A DOOMED cement works could be turned into an indoor ski slope, it was revealed this week.

The idea, which would include real snow, is one of the options being put forward for the former Blue Circle plant at Eastgate in Weardale.

Durham County Council chief executive Kingsley Smith, a leading member of the task group set up to help regenerate Weardale following the demise of the cement works, believes the idea could attract tourists from a wide area.

Mr Smith said: "I believe it is a real possibility. It just needs the right backing."

Operations at the Eastgate site are due to end in about six weeks and the task force is striving to find new jobs for the 147 employees.

The plant is estimated to be worth about £12m to the local economy and council officials are desperate to come up with a plan which will ease the blow to the area.

Durham County Council wanted to sell the works as a going concern after French-owned Lafarge announced in January it was to wind down the operation.

Lafarge, the world's biggest cement company, angered workers by rejecting the proposal and shunning talks with two possible buyers for the plant - Weardale businessman Angus Ward and an unknown European cement manufacturer said to be interested in buying it.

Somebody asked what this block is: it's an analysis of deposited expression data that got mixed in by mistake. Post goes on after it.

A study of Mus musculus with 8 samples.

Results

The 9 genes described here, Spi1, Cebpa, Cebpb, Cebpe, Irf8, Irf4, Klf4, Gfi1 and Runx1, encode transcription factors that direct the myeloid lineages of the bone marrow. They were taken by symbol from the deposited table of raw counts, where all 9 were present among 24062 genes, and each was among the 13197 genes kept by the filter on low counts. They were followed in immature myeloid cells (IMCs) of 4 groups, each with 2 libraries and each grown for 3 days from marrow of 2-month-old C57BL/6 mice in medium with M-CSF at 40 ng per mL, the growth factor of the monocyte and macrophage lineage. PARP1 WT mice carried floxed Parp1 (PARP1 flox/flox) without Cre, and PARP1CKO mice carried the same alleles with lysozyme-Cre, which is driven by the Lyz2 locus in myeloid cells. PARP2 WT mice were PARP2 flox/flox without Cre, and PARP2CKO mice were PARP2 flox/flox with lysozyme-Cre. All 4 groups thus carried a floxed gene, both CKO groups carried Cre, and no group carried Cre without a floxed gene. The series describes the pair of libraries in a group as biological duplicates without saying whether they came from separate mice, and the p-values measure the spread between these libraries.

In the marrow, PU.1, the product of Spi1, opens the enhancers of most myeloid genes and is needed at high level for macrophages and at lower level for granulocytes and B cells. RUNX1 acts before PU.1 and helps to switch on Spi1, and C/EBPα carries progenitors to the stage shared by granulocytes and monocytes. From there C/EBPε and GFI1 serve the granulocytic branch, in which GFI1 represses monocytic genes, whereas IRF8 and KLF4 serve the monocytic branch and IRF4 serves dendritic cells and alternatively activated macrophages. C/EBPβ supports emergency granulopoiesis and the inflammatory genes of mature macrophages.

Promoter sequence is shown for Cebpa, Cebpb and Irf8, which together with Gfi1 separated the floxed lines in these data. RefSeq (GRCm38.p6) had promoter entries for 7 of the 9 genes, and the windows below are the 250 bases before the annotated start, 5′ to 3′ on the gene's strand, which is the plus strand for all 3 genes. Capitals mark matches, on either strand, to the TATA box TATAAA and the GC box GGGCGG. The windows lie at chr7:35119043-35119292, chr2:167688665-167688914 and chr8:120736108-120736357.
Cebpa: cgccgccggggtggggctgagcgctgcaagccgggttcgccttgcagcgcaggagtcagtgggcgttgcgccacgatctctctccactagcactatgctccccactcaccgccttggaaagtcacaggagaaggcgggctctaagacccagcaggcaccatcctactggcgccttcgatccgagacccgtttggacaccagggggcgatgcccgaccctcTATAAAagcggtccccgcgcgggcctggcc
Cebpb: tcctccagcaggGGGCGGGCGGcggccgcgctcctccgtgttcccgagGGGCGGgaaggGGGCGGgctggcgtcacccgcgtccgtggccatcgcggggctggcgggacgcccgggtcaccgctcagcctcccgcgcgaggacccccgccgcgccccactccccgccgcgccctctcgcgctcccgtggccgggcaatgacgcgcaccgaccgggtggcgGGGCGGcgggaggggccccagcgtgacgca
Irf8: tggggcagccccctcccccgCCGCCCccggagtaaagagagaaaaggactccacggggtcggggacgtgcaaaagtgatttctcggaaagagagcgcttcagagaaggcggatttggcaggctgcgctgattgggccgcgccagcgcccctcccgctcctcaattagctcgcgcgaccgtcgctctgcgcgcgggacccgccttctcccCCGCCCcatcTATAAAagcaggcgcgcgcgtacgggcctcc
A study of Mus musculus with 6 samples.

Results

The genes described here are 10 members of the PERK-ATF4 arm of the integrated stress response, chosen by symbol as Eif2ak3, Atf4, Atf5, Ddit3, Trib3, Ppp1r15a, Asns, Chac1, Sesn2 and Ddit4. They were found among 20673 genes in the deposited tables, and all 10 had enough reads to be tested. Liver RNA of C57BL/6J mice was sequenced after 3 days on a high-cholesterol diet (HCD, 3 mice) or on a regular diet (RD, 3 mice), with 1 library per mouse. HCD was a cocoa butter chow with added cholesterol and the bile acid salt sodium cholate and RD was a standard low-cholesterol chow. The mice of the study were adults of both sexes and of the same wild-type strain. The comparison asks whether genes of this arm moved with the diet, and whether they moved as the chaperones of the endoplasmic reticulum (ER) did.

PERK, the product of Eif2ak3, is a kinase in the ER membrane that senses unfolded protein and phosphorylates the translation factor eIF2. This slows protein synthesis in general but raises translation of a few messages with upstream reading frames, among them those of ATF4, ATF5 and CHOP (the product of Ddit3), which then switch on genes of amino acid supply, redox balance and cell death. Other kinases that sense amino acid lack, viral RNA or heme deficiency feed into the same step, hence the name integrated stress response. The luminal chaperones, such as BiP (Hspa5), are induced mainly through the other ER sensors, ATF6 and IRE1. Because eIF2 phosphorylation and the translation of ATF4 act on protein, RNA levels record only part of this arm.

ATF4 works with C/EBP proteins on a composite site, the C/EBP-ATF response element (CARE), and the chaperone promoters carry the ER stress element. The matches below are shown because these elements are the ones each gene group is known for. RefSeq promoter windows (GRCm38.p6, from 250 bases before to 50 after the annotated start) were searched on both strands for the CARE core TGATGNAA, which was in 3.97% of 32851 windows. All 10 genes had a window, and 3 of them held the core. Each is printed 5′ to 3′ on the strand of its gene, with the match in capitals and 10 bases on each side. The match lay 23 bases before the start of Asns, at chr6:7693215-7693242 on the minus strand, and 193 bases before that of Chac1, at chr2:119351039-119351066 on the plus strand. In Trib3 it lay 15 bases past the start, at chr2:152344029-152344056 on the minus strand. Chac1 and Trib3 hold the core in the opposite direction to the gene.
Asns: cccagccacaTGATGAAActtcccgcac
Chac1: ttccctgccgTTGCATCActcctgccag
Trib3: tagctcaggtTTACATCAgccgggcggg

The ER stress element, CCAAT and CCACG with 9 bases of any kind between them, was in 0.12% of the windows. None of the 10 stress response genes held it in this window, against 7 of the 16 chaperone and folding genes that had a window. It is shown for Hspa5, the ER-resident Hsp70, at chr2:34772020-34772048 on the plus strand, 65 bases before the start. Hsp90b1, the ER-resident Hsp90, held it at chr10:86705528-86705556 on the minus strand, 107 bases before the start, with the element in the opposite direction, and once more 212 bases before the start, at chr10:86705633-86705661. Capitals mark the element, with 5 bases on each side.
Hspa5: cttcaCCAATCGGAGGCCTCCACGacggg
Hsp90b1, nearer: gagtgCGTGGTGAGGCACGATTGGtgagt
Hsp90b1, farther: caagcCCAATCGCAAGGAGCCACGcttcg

Mr Smith met representatives of the European company in London in February.

He appealed to Bertrand Collomb, chairman and chief executive of Lafarge, to give his backing for a meeting between the company and the European manufacturers, but Lafarge said it did not want to sell the plant to a competitor.

Production at the 37-year-old Eastgate works is due to finish on Friday, August 9.

Only 50 people will remain, to send out any materials left and start clearing the site, the rest either leaving or transferring to jobs in the firm's other UK operations.

Lafarge hopes to have new depots in Seaham and Carlisle operating by September and October.

Weardale staffing will reduce further, leaving only ten to manage the transfer of equipment, demolition and site restoration next year.